Rajkumar Hirani’s ‘PK’ now in NFAI Collection
National Film Archive of India (NFAI) has announced a significant addition of the original camera negative of Rajkumar Hirani’s film PK (2014) in its collection. Hirani is one of the major contemporary Indian filmmakers who has carved a niche for himself through his distinct filmography over the years. Rajkumar Hirani today handed over the original camera negative of his 2014 film PK to Director NFAI, Prakash Magdum, in Mumbai.
“It was important to preserve the negative and I am very happy that it would be preserved in NFAI at Pune. It is the duty of a filmmaker to ensure that the films are preserved and I appeal to all filmmakers to support NFAI in this important cause,” said Rajkumar Hirani on the occasion.
Director NFAI, Prakash Magdum, said, “We are happy to continue our association with Mr Hirani as his earlier acclaimed films are also being preserved at NFAI. It is wonderful to add PK in our collection, especially because it was shot on celluloid.” The transition from celluloid to digital in terms of production of films in India happened during 2013-14. Therefore, it is all the more important to have this film for preservation, Magdum added.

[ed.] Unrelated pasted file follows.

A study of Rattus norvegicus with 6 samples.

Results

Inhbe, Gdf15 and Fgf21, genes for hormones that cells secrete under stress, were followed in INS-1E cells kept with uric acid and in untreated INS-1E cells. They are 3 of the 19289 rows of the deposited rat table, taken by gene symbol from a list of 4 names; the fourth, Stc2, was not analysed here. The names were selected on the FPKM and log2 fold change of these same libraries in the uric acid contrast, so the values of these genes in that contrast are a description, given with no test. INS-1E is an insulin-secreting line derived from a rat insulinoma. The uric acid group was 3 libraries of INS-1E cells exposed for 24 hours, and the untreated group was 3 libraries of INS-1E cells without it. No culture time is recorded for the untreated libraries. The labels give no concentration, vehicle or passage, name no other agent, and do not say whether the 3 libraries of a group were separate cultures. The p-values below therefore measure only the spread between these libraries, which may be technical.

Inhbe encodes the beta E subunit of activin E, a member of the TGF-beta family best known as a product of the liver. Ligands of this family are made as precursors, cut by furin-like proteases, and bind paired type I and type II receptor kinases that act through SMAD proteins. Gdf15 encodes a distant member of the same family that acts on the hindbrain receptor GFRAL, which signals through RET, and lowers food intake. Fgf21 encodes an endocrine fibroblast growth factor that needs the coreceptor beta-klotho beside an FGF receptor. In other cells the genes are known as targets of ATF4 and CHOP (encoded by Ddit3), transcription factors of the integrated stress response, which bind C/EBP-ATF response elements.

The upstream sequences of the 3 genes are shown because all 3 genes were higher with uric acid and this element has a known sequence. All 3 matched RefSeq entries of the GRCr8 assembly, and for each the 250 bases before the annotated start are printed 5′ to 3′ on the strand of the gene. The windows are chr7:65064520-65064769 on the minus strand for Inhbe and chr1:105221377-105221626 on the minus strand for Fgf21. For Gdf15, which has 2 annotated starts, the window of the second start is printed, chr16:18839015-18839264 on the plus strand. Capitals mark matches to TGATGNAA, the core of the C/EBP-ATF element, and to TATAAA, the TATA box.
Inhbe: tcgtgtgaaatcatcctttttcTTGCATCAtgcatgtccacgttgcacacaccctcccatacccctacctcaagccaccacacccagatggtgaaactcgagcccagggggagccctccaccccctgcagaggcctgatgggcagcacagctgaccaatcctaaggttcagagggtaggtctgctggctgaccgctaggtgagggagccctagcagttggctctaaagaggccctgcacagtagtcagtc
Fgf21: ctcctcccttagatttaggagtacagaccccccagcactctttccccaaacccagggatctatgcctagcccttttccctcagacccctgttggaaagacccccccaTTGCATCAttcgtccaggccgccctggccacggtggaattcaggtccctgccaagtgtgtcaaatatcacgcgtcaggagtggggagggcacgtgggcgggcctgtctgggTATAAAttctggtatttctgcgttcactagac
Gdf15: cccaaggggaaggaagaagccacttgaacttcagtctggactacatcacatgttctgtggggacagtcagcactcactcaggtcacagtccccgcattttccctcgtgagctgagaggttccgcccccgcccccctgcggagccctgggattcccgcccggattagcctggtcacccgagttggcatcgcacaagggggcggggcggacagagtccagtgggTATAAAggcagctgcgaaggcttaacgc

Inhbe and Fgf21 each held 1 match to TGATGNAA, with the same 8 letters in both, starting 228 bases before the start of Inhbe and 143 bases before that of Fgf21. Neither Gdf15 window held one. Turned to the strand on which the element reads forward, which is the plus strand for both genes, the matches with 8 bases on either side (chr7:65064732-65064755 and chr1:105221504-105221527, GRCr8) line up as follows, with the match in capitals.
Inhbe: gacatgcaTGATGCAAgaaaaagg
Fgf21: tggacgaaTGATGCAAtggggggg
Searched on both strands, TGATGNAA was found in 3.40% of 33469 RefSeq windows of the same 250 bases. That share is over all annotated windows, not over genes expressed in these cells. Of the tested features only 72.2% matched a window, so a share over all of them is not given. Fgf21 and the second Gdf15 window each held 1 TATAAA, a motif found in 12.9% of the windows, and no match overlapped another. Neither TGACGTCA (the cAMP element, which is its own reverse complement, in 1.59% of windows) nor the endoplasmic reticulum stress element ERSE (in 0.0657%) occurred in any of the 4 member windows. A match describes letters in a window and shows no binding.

Apart from the original camera negative, about 300 cans consisting of rushes of PK and outtakes of 3 Idiots film were also handed over for preservation. A huge paper material consisting of posters, lobby cards and photographs of films directed by Hirani would also be handed over to NFAI.
Hirani, an alumni of FTII, is known for his light-hearted take on tackling social issues through his films and provide a new perspective on contemporary issues. The original Negatives of Rajkumar Hirani‘s earlier films like Munnabhai MBBS (2003), Lage Raho Munnabhai (2006) and 3 Idiots (2009) are already being preserved at NFAI.
Written, edited and directed by Rajkumar Hirani, PK is a wonderful political satire on Indian society. Co-produced by Hirani along with Vidhu Vinod Chopra, PK, also happens to be one of the last few films to be shot on celluloid in India. Commenting on superstition, PK, with the quirky titular character of an alien, tries to make sense of the world around, in an eccentric but endearing way.